New Brunswick reported 27 new cases of COVID-19 on Tuesday -- the largest single-day spike since the beginning of the pandemic.

The province has reported more than 50 cases in three days and there are 80 active cases.

"A new wave of the COVID-19 pandemic has arrived in New Brunswick," said Dr. Jennifer Russell, the province's chief medical officer of health. "This is not a good situation and it has the potential to get significantly worse in the coming days."

Because of the spike, and the fact that there are active cases in every health zone in the province, public health has recommended that every zone be moved to the orange level of restrictions. Premier Blaine Higgs said the advice will be taken and, as of midnight Tuesday, every part of New Brunswick will be under tighter pandemic restrictions.

"We are doing this to slow the rapid spread of COVID-19," Russell said. "The number of cases has more than doubled in less than a week and we still haven't seen the effect of the New Year's Eve gatherings."

Russell cautioned everyone to take COVID-19 seriously, and to pay attention to the symptoms.

"People who have exhibited COVID-19 symptoms have gone to holiday gatherings and gone to work," Russell said.

New Brunswick Premier Blaine Higgs had harsh words for people ignoring the public health guidelines.

"In spite of aggressive messaging prior to and during the holiday season, we knew that some would selfishly ignore the rules," said Higgs. "There is a risk that our health-care system could be faced with hundreds of new cases each day and would quickly be overwhelmed. We must act swiftly and decisively to ensure that does not happen."

The total active case count now stands at 80.

Over half of Tuesday's new cases are people under the age of 40.

"One person exposed up to 150 others," Higgs said. "Some have lied to public health contact tracers, slowing down and reducing the effectiveness of contact tracing and putting others at risk. If you don't care about yourself, please care about others."

Contact tracers have reported people being rude and evading questions, according to Russell.

As a result of these new cases, she says 60 health-care workers are now off work and 16 non-urgent surgeries now cancelled at a hospital in western New Brunswick.

"I am concerned about the number of healthcare workers that are impacted right now and what also concerns me is the fact that we are still continuing to see a rise in cases and we expect to see more as a result of gatherings over New Year's Eve," Russell said.

Monday, 6,430 people in New Brunswick were self-isolating because of travel over the holidays.

Last week, that number was as high as 8,000.

BREAKDOWN OF NEW CASES

Public Health reported 27 new cases of COVID-19 on Tuesday.

Nine cases in Zone 1 (Moncton region), including:

  • one person 19 and under;
  • six people in their 20s;
  • a person in their 30s; and
  • a person in their 50s.

Three cases in Zone 2 (Saint John region), including:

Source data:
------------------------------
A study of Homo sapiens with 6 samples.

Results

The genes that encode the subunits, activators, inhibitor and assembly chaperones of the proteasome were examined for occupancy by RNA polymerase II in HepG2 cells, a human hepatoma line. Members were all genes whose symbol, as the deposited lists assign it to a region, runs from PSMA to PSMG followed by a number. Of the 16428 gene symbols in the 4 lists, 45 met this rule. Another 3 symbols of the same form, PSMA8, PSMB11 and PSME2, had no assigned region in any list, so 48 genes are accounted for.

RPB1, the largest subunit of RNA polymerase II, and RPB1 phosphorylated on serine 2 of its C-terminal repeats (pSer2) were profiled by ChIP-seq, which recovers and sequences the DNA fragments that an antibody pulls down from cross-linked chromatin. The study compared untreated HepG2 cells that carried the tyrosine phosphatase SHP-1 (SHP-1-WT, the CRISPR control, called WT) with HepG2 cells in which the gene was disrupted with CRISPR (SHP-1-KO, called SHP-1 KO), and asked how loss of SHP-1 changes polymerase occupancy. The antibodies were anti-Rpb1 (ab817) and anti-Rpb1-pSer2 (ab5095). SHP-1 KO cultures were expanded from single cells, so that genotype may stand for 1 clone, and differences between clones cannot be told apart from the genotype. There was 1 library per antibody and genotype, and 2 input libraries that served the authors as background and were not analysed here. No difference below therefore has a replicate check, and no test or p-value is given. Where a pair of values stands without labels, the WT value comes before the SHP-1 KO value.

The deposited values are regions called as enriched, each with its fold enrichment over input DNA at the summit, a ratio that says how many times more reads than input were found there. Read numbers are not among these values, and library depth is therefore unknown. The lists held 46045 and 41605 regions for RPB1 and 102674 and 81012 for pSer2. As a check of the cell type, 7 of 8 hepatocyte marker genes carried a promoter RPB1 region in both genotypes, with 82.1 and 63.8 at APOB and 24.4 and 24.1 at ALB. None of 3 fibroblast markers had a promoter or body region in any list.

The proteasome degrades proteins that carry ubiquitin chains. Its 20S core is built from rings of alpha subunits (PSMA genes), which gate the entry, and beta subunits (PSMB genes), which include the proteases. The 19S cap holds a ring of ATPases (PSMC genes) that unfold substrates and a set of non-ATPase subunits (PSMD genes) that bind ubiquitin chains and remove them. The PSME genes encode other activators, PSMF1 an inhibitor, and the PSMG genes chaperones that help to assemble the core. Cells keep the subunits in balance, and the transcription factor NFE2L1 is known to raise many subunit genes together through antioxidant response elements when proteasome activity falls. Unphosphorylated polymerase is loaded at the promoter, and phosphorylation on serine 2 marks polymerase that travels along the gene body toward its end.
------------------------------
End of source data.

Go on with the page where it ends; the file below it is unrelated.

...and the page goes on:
• a person 19 and under;
  • a person in their 40s; and
  • a person 90 and over.

Eleven cases in Zone 3 (Fredericton region), including:

  • two people 19 and under;
  • a person in their 20s;
  • two people in their 30s;
  • two people in their 40s;
  • three people in their 50s; and
  • a person in their 60s.

Two cases in Zone 4 (Edmundston region), including:

  • a person in their 20s; and
  • a person in their 50s.

The two cases in Zone 5 (Campbellton region) are two people in their 50s.

All cases are self-isolating and under investigation.

The number of confirmed cases in New Brunswick is 662 and 572 people have recovered. There have been nine deaths, and the number of active cases is 80. One patient is hospitalized and is in an intensive care unit. As of Tuesday, New Brunswick public health had conducted 155,253 tests.

EXPOSURE NOTIFICATION

Public Health has identified potential public exposure to the virus at the following locations:

  • Miss Cue pool hall (495 Mountain Rd., Moncton in Zone 1);
  • Dec. 31 at 11 p.m. to Jan. 1 at 1:30 a.m.
     
  • Walmart (4 Jagoe St., Atholville in Zone 5);
  • Dec. 30 between 10:30 a.m. and 3:30 p.m.; and,
  • Dec. 31 between 11 a.m. and 4 p.m.

If you were at any of these locations, and you have no symptoms of COVID-19, self-monitor and follow all Public Health guidelines. If you are experiencing mild to moderate symptoms of COVID-19 and do not need to talk to a nurse, complete the self-assessment and get tested.

CASE LOCATIONS

The number of cases are broken down by New Brunswick's seven health zones:

  • Zone 1 – Moncton region: 182 confirmed cases (31 active cases)
  • Zone 2 – Saint John region: 132 confirmed cases (4 active case)
  • Zone 3 – Fredericton region: 149 confirmed cases (31 active cases)
  • Zone 4 – Edmundston region: 36 confirmed cases (6 active cases)
  • Zone 5 – Campbellton region: 143 confirmed cases (6 active cases)
  • Zone 6 – Bathurst region: 14 confirmed cases (1 active case)
  • Zone 7 – Miramichi region: 6 confirmed cases (1 active cases)

SELF-MONITORING FOR SYMPTOMS

Public Health is reminding New Brunswickers of the importance of self-monitoring for COVID-19 symptoms, such as:

  • fever
  • a new cough, or worsening chronic cough
  • sore throat
  • runny nose
  • headache
  • a new onset of fatigue
  • diarrhea
  • loss of sense of taste
  • loss of sense of smell
  • in children, purple markings on the fingers and toes

VEHICLE TRAFFIC INFORMATION

New Brunswick's online dashboard also includes information about vehicle traffic attempting to enter the New Brunswick border.

On Monday, 1,518 personal and 1,044 commercial vehicles attempted to cross the border into the province.

Of the vehicles attempting to cross the border, 11 were refused entry, for a refusal rate of 0.4 per cent.